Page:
The Doctor isn’t just going to the dawn of time, but to a dark place in their own past.

The Doctor isn’t just going to the dawn of time, but to a dark place in their own past.
Image: BBC Books

Remember that hot five minutes the Tenth Doctor was like “I’m the last of the Time Lords, I can do whatever the damn hell I want” before everything went bad for him and he went “oh crap ctrl+z ctrl+z!!!”? Well, looks like he’s back. And this time he’s trying to stop literal dispensers of death?


We probably should’ve figured that Doctor Who’s recently revealed transmedia, multi-doctor event Time Lord Victorious would be about the, well, Time Lord Victorious, given the name of it. But details about the first two books that will kick off the new story—uniting the Eighth, Ninth, and Tenth Doctors across comics, audio dramas, books, and more—have confirmed that the new series seems to be set, at least for the Tenth Doctor, at a dark time briefly glimpsed in the “The Waters of Mars,” David Tennant’s penultimate special adventure in his final year of playing the Time Lord on a regular basis.


Although the original announcement was vague about the deadly threat that would unite three Doctors at the apparent dawn of time itself, the two new descriptions for the books—The Knight, The Fool and The Dead by Steve Cole and All Flesh Is Grass by Una McCormack—have revealed that the new foe joining the likes of familiar monsters such as the Daleks and the Ood is a race called the Kotturuh. While you try contemplate pouncing that, here’s the two blurbs courtesy of Doctor Who News:

Doctor Who: The Knight, The Fool and The Dead

by Steve Cole

We live forever, barring accidents. Just like everyone else in the universe.

The Doctor travels back to the Dark Times, an era where life flourishes and death is barely known…

Then come the Kotturuh – creatures who spread through the cosmos dispensing mortality. They judge each and every species and decree its allotted time to live. For the first time, living things know the fear of ending. And they will go to any lengths to escape this grim new spectre, death.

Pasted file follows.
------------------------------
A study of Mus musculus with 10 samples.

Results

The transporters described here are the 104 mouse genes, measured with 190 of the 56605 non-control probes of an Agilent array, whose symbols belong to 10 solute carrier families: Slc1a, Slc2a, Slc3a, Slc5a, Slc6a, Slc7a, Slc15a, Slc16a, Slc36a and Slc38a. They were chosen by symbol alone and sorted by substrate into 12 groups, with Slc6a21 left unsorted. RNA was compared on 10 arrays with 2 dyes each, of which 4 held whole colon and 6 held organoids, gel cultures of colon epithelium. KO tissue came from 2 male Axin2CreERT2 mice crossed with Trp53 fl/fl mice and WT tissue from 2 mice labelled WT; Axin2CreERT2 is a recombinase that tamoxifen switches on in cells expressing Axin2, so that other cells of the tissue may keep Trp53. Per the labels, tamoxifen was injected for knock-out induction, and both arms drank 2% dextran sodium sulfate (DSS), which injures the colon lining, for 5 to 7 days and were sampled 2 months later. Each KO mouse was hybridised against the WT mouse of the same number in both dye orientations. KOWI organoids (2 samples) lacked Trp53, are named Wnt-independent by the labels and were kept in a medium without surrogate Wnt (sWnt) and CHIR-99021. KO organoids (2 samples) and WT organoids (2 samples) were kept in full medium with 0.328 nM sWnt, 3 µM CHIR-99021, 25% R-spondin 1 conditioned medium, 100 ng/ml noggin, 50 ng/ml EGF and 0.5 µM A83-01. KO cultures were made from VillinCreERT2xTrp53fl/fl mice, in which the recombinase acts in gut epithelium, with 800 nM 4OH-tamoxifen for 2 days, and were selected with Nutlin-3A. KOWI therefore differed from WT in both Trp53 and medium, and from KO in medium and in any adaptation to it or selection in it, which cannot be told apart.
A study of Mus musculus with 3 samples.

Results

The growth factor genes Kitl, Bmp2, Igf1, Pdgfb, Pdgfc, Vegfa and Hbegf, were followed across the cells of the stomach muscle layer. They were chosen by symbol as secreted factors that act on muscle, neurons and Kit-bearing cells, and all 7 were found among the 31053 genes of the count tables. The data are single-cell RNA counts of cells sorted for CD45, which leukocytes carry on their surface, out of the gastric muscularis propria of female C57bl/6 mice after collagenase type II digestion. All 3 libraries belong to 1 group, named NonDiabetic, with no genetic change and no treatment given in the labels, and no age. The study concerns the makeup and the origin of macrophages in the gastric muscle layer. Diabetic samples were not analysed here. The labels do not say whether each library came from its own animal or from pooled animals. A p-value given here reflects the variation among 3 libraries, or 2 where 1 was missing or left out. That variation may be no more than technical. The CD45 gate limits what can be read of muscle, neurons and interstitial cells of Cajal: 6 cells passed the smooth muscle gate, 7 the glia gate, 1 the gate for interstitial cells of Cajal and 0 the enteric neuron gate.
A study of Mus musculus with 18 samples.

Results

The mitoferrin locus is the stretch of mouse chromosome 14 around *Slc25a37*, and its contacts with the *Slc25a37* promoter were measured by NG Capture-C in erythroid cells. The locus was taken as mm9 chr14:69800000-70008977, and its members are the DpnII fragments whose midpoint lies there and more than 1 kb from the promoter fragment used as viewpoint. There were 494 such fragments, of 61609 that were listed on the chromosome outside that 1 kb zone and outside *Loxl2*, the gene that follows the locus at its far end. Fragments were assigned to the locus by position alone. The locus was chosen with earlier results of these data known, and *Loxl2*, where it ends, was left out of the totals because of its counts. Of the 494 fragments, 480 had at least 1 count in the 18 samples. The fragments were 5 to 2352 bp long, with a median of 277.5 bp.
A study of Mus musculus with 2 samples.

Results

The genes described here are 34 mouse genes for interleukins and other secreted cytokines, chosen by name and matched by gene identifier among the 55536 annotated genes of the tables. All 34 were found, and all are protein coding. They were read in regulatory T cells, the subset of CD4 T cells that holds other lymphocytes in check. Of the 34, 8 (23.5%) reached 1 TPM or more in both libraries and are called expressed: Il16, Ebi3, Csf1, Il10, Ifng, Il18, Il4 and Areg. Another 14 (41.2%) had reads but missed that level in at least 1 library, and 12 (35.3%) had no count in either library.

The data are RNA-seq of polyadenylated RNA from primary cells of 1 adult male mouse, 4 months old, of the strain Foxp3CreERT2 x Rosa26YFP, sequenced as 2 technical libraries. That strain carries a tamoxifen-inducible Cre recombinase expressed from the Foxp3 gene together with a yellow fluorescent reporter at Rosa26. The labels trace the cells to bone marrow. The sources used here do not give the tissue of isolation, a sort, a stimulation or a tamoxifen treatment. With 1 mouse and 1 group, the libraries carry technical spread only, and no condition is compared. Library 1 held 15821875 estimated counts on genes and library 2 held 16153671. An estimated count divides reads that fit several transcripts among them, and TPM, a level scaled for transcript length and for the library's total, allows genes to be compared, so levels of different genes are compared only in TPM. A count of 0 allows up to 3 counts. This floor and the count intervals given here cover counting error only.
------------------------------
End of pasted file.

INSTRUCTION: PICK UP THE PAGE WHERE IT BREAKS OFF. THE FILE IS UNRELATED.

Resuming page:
The Doctor is an old hand at cheating death. Now, at last, he can stop it at the source. He is coming for the Kotturuh, ready to change everything so that life wins from the start. Not just the last of the Time Lords. The Time Lord Victorious.

Doctor Who: All Flesh Is Grass

by Una McCormack

Even a Time Lord can’t change the past.

A wasteland. A dead world… No, there is a biodome rising from the ashes. Here, life teems and flourishes, with strange, lush plants and many-winged insects with bright carapaces – and one solitary sentient creature, who spends its days talking to the insects and tending this lonely garden. This is Inyit, the Last of the Kotturuh.

In All Flesh is Grass we are transported back to The Dark Times. The Tenth Doctor has sworn to stop the Kotturuh, ending death and bringing life to the universe. But his plan is unravelling – instead of bringing life, nothing has changed and all around him people are dying. Death is everywhere. Now he must confront his former selves – one in league with their greatest nemesis and the other manning a ship of the undead.

The Kotturuh as some sort of fundamental, existential concept—the arbiters of something as vague as mortality itself—is an incredibly interesting idea. As is trying to wrap our heads around just when the Doctor had the time, even with a TARDIS, to go about doing all this “I’m the Last of the Time Lords, the Time Lord Victorious, I’ve gone mad with Time Powerrrrr” nonsense given that the sequence in “Waters of Mars” saw him declare himself the master of the Time Lord’s domain and almost immediately relinquish that bold claim when Adelaide Brooks defied him, killing herself to revert the timeline the Doctor had changed by saving her life.


If the Time Lord Victorious of the event’s title is indeed one and the same with the Tenth Doctor at that specific moment in his arc, then there’s some very interesting ramifications at play. If it’s one of the prior incarnations of the Doctor we know are along for the ride too, it’s likewise fascinating in showing that this is clearly a temptation that has pushed the Doctor into morally questionable places before—a lesson they’ll have learned multiple times across regenerations.


We’re in for a treat, either way, if Doctor Who is using this bold new venture to dive deep into the psyche of its hero at one of their lowest, most fearsome moments. The Knight, The Fool and The Dead and All Flesh Is Grass will be published by BBC Books in October and December 2020, respectively.